Gertboard - What the Heck! Why are those LEDs Flashing On and Off?

So, I unpacked the Gertboard, attached the stand-offs, connected it to the Raspberry Pi, and applied power.
And - All twelve LEDs on the Gertboard lit, then some went off, then different ones just started to flash on and off. When I touched the metal shell of the Ethernet, USB, or HDMI connectors all of the LEDs went off.
I looked at the schematics to find if there was a fault with the Gertboard. Did I find a problem? Yes a DESIGN problem. Refer to Figure 8 on page 15 of the "Gertboard User Manual" (version 2 manual). I have recreated that figure here except for the 10K pullup resistor. I'll talk about that below the diagram.
Buffer and LED circuit. Represents one of twelve circuits
Now here is where things get a bit tricky. If you look at that figure 8 in the manual, you see a 10k resistor connected between the input of the lower buffer and 3.3V. Why doesn't my diagram above show that resistor? When I purchased my Gertboard, only version 1 of the user's manual was available. I didn't know there was a new version until I started to write the post before this one. The version 1 manual, and schematics did not show this resistor. I did not know these resistors (R201 - R212) even existed on my board. Even so, the combination of the 10k pullup resistor and the 74HC244 buffer chip did not do the job. The 10k was not strong enough of a pullup (10k is too high a value) to prevent the LEDs from randomly turning off when no jumpers or wires connect the buffers to other circuitry.
The version 1 manual did talk about the problem. It said, "Depending on the type of 74xx244 buffer chosen, the LED could behave randomly if the port is not driven properly. In that case it may easily switch state, switching on or off with the smallest of electronic changes, for example, when the board is simply touched." That was what I saw even with the 10k pullup resistor. The text says that you need to drive the port properly. If your project only needs one port, then the other eleven are not being driven at all. Is it proper operation to have to look at eleven LEDs flash on and off? Version 2 of the manual changes that information to: "The resistor on the right side of Figure 8 is a pull-up. If it were not there, the LED would turn off and on with the smallest of electronic changes, for example, when the board is simply touched. Turning the LED on when it is not being driven prevents this seemingly random behaviour and also serves as an indicator that your Gertboard is receiving power properly. Note that if the output jumper is installed but the ‘Raspi’ point is not driven, the random behaviour will return."
Even if the pullups worked and the LEDs connected to the unused buffers turned on, that to me, is not proper operation. If a circuit is not being used, the LED should be OFF. The manual says that the LEDs being on indicates "that your Gertboard is receiving power properly". Do we need up to 12 indicators that the board is under power?
There is another issue when no jumper or wire connects the input of a buffer to anything else. The buffer IC is a CMOS device. These devices are highly susceptible to destruction by static electricity. If the inputs are not connected to anything except to a connector pin, a pullup resistor is always connected to the input. This provides protection when the connector is not connected to anything else. Often an IC has multiple, identical, circuits. For example, the 74HC244, has eight buffers. If your circuit only needs 7 buffers, the eighth one will always have a pullup resistor (or, if you are the circuit designer, you get fired). For this purpose, a value of about 100k is acceptable. You probably have noticed that electronic circuit boards, like the Gertboard and the Raspberry Pi, are packed on foam and in one of those ubiquitous black bags. That foam and that bag are to prevent static electricity from reaching the board and blowing up ICs when the board is not connected into a circuit.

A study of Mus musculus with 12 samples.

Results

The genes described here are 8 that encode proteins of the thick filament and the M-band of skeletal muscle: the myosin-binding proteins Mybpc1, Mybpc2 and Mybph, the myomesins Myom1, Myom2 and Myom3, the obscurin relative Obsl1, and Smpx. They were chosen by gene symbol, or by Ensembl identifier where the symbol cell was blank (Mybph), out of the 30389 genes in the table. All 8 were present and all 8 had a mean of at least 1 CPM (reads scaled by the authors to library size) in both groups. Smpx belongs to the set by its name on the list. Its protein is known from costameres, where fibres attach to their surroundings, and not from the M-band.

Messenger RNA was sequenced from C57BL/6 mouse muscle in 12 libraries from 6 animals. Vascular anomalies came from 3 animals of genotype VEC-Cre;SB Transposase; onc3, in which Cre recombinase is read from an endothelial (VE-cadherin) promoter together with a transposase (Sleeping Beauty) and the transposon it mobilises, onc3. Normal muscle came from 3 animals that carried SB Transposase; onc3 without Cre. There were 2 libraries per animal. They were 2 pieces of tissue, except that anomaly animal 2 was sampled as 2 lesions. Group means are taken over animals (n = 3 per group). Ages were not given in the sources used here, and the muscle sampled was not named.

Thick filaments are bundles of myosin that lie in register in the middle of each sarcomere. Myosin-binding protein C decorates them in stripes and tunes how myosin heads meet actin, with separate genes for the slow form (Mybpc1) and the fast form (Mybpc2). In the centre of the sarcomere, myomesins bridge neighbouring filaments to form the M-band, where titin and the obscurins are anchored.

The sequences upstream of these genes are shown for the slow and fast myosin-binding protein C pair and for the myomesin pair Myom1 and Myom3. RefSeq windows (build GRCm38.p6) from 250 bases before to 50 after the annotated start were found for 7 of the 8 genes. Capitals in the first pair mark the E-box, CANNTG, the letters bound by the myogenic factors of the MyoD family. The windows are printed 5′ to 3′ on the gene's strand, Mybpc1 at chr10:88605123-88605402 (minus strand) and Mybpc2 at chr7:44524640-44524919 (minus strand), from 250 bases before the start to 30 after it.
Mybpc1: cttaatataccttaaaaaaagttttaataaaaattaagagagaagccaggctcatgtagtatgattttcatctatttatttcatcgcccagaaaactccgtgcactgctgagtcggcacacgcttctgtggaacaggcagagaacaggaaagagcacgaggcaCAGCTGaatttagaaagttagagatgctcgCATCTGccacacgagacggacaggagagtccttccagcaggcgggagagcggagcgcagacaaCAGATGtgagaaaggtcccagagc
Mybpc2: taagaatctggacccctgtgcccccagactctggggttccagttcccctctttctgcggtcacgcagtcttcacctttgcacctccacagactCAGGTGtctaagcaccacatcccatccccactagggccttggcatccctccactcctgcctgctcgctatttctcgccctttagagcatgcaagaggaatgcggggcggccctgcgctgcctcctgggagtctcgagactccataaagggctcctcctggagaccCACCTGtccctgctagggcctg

The Gertboard greatly exacerbates this static problem because of the way it is used. The human body is a great source of static electricity discharge. You, the user of the Gertboard, will be handling the board, connecting and disconnecting the Pi, and installing and removing jumpers, wires, and devices. The board does not have to be under power for damage to occur.
OK, there are 10k pullup resistors on the board - in fact there are 12 of them. However, there are TWENTY FOUR BUFFERS, not just 12. In the figure above, the input of the buffer on the bottom, the one that connects to the LED has the 10k pullup - so should be protected from static discharge. But, what about the upper buffer? According to the schematic it looks like the input of that buffer connects to the Raspberry Pi. That is only correct if you use a wire and connect that point to the Pi (make a connection between a J2 and a J3 pair of pins). If you don't, that input is not connected to anything except a connector pin, which is not connected to anything else. Don't forget that this diagram represents one of 12 circuits. Chances are that you will not always be using all 12 of these circuits in your projects.
My next blog post will tell what I did about this problem.